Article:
I'm no Professor 'Iggens, but I have a lifelong interest in, and sensitivity for local dialect pronunciations. I'm particularly fascinated with the persistence of Elizabethan dialectic pronunciations that have been documented in various backwater areas of the eastern United States. I personally observed this in the 1970s when a local resident on the Eastern Shore of Maryland essayed the following phrase describing a job offer that paid "noine thewsand dawlers". It made an instant believer of me.

Anyway, years ago I noted that native residents of the Maryland area around Washington, D.C. would pronounce the "u" in words such as bush as the oo in "whoosh" (the oo drawn out as a long o-o-o). I figured it was some kind of local colonial corruption, until I started hearing British news presenters on BBC doing the same thing with "President Bush" as in "who-o-osh".

Can anyone comment on the British origins of this pronunciation?

John Mazor

Yes, I've heard the "oi" pronunciation of "i" by characters pretending to be English in US TV shows. It originally took me several episodes to realise that these characters were supposed to be English and that that particular strange accent wasn't just another of the many strange US accents.
Anyway, years ago I noted that native residents of the Maryland area around Washington, D.C. would pronounce the "u" in ... corruption, until I started hearing British news presenters on BBC doing the same thing with "President Bush" as in "who-o-osh".

British news presenters on the Beeb exhibit different accents; many of them aren't even English.
Can anyone comment on the British origins of this pronunciation?

Something I've never heard. I have, however, heard "Colin" pronounced as "Cohlin".


However, can the same pattern be seen in TV shows or Drama productions? Here in Sweden they broadcast a lot of both American shows (mainly these louse reality shows) and British productions (most often Mrs Marple-like stories).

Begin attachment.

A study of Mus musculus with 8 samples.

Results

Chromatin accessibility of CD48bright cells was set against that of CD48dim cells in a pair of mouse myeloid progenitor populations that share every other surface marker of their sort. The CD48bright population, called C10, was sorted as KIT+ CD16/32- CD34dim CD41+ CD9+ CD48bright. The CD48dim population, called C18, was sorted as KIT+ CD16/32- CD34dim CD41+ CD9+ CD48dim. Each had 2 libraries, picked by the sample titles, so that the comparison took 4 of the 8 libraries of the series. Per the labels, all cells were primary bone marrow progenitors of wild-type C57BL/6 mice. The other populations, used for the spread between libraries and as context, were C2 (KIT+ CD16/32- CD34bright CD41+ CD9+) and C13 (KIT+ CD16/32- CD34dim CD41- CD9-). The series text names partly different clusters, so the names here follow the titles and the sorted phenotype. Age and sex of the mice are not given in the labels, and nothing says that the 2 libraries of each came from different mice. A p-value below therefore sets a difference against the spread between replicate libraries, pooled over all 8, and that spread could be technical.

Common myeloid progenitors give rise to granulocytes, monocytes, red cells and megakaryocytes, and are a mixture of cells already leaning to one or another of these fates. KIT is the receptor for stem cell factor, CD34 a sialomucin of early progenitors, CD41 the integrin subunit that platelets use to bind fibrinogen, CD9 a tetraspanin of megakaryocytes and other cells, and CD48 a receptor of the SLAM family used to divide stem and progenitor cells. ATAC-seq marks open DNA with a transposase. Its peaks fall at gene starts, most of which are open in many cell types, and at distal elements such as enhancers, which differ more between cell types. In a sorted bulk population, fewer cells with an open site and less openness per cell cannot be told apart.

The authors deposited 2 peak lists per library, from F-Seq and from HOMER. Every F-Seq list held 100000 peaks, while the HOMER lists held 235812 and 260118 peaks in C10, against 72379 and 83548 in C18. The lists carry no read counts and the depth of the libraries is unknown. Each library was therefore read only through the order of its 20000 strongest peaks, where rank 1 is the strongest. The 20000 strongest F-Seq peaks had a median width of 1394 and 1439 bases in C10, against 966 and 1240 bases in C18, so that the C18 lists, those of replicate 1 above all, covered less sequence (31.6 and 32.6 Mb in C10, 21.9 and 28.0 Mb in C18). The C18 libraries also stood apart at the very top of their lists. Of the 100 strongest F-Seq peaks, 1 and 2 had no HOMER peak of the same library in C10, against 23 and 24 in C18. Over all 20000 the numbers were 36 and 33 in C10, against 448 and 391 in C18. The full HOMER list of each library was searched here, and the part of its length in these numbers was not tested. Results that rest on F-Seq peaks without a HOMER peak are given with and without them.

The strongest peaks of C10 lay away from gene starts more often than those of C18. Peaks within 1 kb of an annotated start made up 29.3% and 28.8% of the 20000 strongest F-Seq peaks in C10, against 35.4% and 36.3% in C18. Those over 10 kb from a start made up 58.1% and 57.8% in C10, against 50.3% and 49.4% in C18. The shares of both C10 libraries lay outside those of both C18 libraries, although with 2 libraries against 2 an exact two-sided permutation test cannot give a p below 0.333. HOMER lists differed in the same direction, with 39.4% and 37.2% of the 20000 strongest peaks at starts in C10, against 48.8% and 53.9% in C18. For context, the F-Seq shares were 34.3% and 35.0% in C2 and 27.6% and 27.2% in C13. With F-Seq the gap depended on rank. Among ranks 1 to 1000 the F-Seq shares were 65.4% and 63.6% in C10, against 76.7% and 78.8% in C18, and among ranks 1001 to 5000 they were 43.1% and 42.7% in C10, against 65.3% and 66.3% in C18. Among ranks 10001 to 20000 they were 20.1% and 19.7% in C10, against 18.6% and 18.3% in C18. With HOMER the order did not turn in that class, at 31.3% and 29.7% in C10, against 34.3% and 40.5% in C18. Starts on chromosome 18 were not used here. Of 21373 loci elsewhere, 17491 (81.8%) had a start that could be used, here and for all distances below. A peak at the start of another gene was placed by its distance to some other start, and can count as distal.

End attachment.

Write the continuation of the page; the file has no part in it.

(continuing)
//Andy

That's a rather sweeping, and possibly quite incorrect, statement to make. And why the distinction between British and English?

wanderer at tesco dot net
I'm no Professor 'Iggens, but I have a lifelong interest ... "noine thewsand dawlers". It made an instant believer of me.

Yes, I've heard the "oi" pronunciation of "i" by characters pretending to be English in US TV shows. It originally ... were supposed to be English and that that particular strange accent wasn't just another of the many strange US accents.

Bloimey, Mary Pawpins! That's a bit 'arsh!

John Dean
Oxford

British news presenters on the Beeb exhibit different accents; many of them aren't even English.

That's a rather sweeping, and possibly quite incorrect, statement to make. And why the distinction between British and English?

How is it sweeping, and how possibly quite incorrect?

What distinction?


How is it sweeping, and how possibly quite incorrect?

I can't think of a single non-British presenter (though there are a few Irish presenters, Terry Wogan springing immediately to mind).
What distinction?

Between the Britishness of the presenters and the Englishness of their accents the antecedent to "them" in your last statement is unclear, and could refer to the accents or the presenters themselves.
Rob Kerr
That's a rather sweeping, and possibly quite incorrect, statement to make. And why the distinction between British and English?

How is it sweeping, and how possibly quite incorrect?

Are you talking about the presenters or their accents? It certainly isn't clear from your comments. If you are talking about presenters, how are you able to assert that 'many of them aren't even English'?
What distinction?

You talk about 'British' news presenters but 'English' accents. What is, what defines an 'English' accent? Is a Tyneside accent any less English than a Brummie accent or an Estuary accent?
Every news (and weather) presenter I can bring to mind speaks in very clear and easily understood English, that is far more important than the accent they use.

wanderer at tesco dot net
How is it sweeping, and how possibly quite incorrect?

I can't think of a single non-British presenter (though there are a few Irish presenters, Terry Wogan springing immediately to mind).

Did I make reference to non-British presenters? I don't think so.
What distinction?

Between the Britishness of the presenters and the Englishness of their accents the antecedent to "them" in your last statement is unclear, and could refer to the accents or the presenters themselves.

How true.
As to why I emphasised English? Well, Mr Mazor asked about American British pronunciations but I believe most sincerely that he wasn't too concerned with British Welsh, Gaelic, Manx, Cornish, (and any others I've forgotten about,) but with English.